Tristan Manalac
03 Oct 2017

Carpal tunnel release (CTR) has persisting long-term benefits for carpal tunnel syndrome (CTS) patients, particularly in resolving numbness, according to a study from Singapore.

“Our study agrees with existing literature and finds that the long-term outcome of CTR is favourable with a rate of recurrence of 2.5 [percent] and a rate of persistence of 3.75 [percent],” said researchers.

Investigators recruited 40 patients (mean age 55.1±10.8 years; 34 females) with severe bilateral CTS who received CTR at the Singapore General Hospital. Study outcomes were resolution of numbness, satisfaction and Boston Carpal Tunnel Questionnaire (BCTQ) scores.

Patients who had different techniques used for the two hands or who had undergone further procedures in the same limb were excluded.

Over a mean follow-up of 11.3 months, 76.3 percent (n=61) of the 80 operated hands showed complete numbness resolution while 23.8 percent (n=19) showed incomplete resolution. Two of the 61 completely resolved hands experienced numbness recurrence after the mean long-term follow-up of 9.3±2.9 years, resulting in an overall recurrence rate of 2.5 percent. [Bone Joint J 2017;99-B:1349-1353]

In contrast, 16 of 19 hands with incompletely resolved numbness experienced complete resolution after the long-term follow-up; three hands showed persistent numbness, yielding an overall persistence rate of 3.8 percent.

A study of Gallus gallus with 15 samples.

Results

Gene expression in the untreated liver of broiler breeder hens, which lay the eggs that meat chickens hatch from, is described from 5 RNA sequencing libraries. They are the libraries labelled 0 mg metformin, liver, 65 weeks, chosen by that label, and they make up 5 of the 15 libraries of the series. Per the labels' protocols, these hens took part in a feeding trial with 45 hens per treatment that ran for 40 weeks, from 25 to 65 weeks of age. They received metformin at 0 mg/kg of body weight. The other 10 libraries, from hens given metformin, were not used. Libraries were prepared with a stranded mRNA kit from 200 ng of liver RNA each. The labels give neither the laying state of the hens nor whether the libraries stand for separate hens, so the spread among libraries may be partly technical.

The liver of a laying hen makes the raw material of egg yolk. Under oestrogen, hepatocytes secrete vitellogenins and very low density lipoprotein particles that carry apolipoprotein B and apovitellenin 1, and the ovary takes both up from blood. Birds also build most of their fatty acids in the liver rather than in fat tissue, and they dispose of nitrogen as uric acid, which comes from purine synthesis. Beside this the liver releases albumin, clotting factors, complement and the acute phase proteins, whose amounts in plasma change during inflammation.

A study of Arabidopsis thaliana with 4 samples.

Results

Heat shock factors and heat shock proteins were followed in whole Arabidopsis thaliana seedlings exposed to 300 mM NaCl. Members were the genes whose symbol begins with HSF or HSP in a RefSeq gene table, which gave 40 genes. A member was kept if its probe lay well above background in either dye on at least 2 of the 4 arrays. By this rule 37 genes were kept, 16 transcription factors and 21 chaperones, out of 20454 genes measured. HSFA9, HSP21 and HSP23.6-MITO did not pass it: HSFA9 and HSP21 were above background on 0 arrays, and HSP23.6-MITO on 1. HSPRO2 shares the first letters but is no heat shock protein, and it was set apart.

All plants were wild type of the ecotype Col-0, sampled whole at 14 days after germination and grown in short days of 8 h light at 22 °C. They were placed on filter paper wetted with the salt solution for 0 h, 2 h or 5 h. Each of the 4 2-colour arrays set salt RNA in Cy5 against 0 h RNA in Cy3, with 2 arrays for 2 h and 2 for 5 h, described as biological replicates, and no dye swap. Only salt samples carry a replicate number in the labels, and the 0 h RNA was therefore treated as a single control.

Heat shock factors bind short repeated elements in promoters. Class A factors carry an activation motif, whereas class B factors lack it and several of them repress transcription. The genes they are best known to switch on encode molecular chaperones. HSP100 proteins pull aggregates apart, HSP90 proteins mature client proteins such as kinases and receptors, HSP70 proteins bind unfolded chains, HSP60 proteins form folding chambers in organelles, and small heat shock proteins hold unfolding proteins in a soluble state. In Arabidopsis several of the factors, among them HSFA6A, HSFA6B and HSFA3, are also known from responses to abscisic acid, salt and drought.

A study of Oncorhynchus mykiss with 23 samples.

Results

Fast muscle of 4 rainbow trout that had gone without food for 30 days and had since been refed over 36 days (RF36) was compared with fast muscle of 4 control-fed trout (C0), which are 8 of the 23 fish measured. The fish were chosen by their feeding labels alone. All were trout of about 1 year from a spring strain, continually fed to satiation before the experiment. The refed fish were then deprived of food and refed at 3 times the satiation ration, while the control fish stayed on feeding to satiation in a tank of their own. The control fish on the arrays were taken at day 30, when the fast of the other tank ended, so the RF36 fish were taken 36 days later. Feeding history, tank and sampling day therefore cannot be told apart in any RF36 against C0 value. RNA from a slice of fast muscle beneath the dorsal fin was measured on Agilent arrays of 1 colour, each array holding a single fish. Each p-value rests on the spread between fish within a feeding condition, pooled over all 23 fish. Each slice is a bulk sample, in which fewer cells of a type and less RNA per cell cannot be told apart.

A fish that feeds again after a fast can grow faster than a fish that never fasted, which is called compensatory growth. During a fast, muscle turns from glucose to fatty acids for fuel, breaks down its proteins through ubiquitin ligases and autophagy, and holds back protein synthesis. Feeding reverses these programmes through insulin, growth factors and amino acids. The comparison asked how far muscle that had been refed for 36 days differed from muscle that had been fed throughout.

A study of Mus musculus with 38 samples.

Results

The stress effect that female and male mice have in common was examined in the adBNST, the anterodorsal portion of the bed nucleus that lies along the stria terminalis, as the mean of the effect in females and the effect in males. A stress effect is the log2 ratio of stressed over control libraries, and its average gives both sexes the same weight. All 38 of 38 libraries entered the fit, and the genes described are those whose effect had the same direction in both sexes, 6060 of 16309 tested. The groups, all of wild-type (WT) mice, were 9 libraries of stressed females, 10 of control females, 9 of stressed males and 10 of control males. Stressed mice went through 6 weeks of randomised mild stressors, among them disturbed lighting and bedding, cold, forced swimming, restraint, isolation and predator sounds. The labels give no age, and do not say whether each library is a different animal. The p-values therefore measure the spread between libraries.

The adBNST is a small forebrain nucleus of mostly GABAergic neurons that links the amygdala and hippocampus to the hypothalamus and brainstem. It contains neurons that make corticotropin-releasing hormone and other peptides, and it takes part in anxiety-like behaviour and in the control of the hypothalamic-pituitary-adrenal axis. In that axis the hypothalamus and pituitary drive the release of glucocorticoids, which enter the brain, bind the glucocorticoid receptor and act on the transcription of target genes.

At the long-term follow-up, 93.8 percent of the hands had complete resolution of numbness.

This finding, according to the researchers, corroborate the suggestions of previous studies, “which have reported a considerable reduction in symptoms after CTR, even in severe cases, despite the suggestion that CTR for severe CTS might not give a satisfactory result because of irreversible damage to the median nerve.” [Neurol Med Chir 2008;48:554-559; J Hand Surg Am 2015;40:438-441; J Hand Surg Br 2001;26:481-483]

The mean Boston symptom and function scores were 1.1±0.3 and 1.15±0.46, respectively, with at least one symptom or function rated >2 in at least 15 percent of the operated hands. In contrast, 72.5 percent (n=58) of the hands scored one, indicating no symptoms or functional impairment.

Boston symptom scores were positively and significantly associated with Boston function scores (r=0.414; p<0.001).

In terms of satisfaction, 92.5 percent of patients reported being either satisfied or very satisfied with CTR; 85 percent would undergo the operation again if offered the choice, while 87.5 percent would recommend CTR to family and friends.

In comparing the techniques used, significantly more patients who received endoscopic CTR (ECTR) reported complete numbness resolution than those who underwent open CTR (OCTR; 100 vs 89.1 percent; p=0.047).

“The low rate of recurrence and BCTQ scores combined with a high level of patient satisfaction suggests that CTR gives favourable long-term outcome to patients with bilateral severe CTS,” said researchers.

“Our study also suggests that ECTR produces better patient-reported resolution of numbness at long-term follow-up than OCTR,” they added.